Tuesday, September 14, 2010

Recap from the PAST - the last decade!

Verification has evolved a lot in the past 2 decades and there is more to come as we step in the next decade. This 3 part series lists out the highlights of the past, the present & predictions for the future.

Nineties had a crucial role in justifying verification to get a prominent berth in ASIC design cycles, ASIC schedules and ASIC teams. It was during this decade when verification commenced with full pace. Following are some milestones that helped achieve this. Some of them peaked & stagnated while others blossomed to scale even bigger in the following decade.

1. Standardization of HDLs and ownership of revised versions.
- VERILOG - IEEE 1364-1995 [Latest version 1364-2001, 1364-2005]
- VHDL - IEEE 1076-1987 [Latest version 1076-1993, 1076-2002]
- (OVI) Open Verilog International and VHDL International merged in 2000 to form Accellera.

2. The Simulator war.  Following are the ones that received wide acceptance -
- Verilog XL [Interpreter]
- VCS (Verilog compiled simulator) [Compiler]
- Modelsim

3. Directed verification - With low gate count, HDLs/C based verification was the softest path to tapeout. The test plans and test benches were primitive enough targeting only the features to be verified with no scalability & reusability.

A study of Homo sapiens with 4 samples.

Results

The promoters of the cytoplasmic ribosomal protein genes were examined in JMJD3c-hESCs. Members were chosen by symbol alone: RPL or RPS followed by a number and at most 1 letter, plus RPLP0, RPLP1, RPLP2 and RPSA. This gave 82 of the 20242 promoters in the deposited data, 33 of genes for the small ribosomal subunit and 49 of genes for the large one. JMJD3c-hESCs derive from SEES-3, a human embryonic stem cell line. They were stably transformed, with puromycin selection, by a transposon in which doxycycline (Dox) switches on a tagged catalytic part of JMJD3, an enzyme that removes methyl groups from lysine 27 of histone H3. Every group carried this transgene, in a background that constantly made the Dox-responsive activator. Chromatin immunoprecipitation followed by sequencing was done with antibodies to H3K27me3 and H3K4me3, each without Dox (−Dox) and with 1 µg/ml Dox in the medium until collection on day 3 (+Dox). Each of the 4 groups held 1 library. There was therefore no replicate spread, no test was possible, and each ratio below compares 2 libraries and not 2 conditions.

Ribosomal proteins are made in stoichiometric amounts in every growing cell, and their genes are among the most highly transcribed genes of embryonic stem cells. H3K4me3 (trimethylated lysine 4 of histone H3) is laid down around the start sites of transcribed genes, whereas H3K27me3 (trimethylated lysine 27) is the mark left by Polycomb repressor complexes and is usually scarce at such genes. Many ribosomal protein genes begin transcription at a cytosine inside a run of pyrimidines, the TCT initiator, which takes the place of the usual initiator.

4. Defined verification teams - With increasing design size (gate count) and  complexity there was a need to parallelize the effort of RTL with verification. Other factors like, having second pair of eyes to look into code and verification comprising 70% of ASIC schedule etc. ignited the look-out for dedicated verification teams to tame the bugs in the design.

5. Automation of verification infrastructure - The increasing complexity and no. of tests were a challenge to manage. Scripting took the front seat to automate the whole process of verification which includes, running tests in batch mode, checking for failures, regressions etc.  Typically every organization had a script called runsim as a initial step to get the flow working.

6. Constrained random verification - With design advancements poised to follow Moore's law, directed verification saturated and there was a need for controlled aka constrained random stimuli to uncover unforseen bugs. C++ came up to rescue followed by hardware verification languages like Vera & e.

7. Code coverage - Increasing verification complexity lead to the basic but intricate question - 'are we done'? Covering the RTL code with the given set of stimuli has been one of the important milestone defining closure since then.

8. Gate level simulations - With equivalence checkers still stabilizing, setting up gate level simulations flow was crucial to ensure the synthesized netlist was sane enough to go for a tapeout.

9. Hardware accelarators - The concept of FPGA prototyping was replicated to develop boxes that could synthesize the design and run them 10x or faster to reduce the test case turn around from days to hours.

10. ASIC design as part of the curriculum was introduced at institutes in India offering Micro-electronics/VLSI as a subject in graduation and as a complete stream for post graduation. This helped source engineers to meet the demand for the semiconductor industry.